3 out of 4 stars
Michael Peck’s book Retribution brings into light the negative side of government lobbying. Even worse, the lobbyists are government operatives who occupy up to the highest political office in the U. S. Government. They’re not only corrupt and egotistical, but Max finds himself confronting an antagonistic adversary that’s well funded, coordinated, and with the backing of the underworld. Previously, however, the senator’s death drew the attention of top-notch police officers who are keen on unmasking the identity of the elusive killer.
Apart from playing their role effectively, the cops provide an additional source of conflict in the story. For starters, the profiles of the victims attract the attention of elite tactical units, such as the Hostage Rescue Team (HRT), as well as the local police. Earlier on in my reading, I was subjected to a comical moment when the no-nonsense Alexandria P. D’s Chief of the Detectives, Dean Roberts, threatened to tase Robert Bauer, an FBI special agent, for trying to snatch the case from him. Additionally, the role of the CIA in the storyline is held in utter contempt by their contemporaries because of the unbecoming behavior of its director, Leonard Mason.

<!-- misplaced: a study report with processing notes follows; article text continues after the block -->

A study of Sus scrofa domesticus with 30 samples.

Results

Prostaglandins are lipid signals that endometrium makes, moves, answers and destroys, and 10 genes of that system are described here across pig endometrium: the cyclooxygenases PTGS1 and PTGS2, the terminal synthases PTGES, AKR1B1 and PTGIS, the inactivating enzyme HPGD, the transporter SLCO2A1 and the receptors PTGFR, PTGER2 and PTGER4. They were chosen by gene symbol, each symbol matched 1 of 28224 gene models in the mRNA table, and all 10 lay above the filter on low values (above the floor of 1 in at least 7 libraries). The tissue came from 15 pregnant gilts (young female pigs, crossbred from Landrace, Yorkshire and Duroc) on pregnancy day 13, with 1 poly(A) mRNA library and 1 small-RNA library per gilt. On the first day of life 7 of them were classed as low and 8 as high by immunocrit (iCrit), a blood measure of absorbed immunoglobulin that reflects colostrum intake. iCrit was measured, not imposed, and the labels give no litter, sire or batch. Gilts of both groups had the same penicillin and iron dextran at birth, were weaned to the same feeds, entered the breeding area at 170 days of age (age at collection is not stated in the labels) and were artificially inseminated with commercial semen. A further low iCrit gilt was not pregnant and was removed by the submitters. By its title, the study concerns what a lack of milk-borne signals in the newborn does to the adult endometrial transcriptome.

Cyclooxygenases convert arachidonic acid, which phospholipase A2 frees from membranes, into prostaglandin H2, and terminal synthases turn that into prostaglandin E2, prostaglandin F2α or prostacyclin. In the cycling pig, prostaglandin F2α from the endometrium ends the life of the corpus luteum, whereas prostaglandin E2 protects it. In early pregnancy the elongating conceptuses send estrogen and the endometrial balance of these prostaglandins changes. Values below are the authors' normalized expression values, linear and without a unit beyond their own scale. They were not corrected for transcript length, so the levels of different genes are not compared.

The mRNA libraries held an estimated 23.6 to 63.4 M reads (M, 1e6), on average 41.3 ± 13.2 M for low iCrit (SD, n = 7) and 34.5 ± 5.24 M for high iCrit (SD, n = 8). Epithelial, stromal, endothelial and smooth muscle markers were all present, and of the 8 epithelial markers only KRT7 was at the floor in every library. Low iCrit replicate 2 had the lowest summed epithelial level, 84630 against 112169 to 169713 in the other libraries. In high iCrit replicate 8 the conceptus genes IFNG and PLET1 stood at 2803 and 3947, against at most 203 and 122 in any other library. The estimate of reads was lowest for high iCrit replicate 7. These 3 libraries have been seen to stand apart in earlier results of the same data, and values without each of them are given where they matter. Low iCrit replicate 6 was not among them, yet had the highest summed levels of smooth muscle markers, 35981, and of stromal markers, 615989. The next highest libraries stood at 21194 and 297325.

There’s never a dull moment in the story. Further, to accentuate the fighting scenes, the novel’s chapters are short (accounts for the whopping 153 chapters in a 338-page book!), fast-paced, and exciting. Besides, the role of the Russian Mafia and the use of some cool gadgets by Max do wonders in establishing a modern setting to the narrative, even though I found the language a little bit too unsavory for my taste. The themes discussed by Peck are also relevant to today’s world and include child prostitution, extortion, and family ties.
As I conclude, the novel has a few editing errors that I’d like to highlight, including misplaced words, misspelled words, and some typographical errors. The errors were also enough to cause me to reduce the rating of the book by a star. Lastly, because of the themes broached, I feel this is a book every high school student and adult should read. At the same time, it’ll be less suitable for readers who dislike strong language and violence in their novels. I rate it 3 out of 4 stars.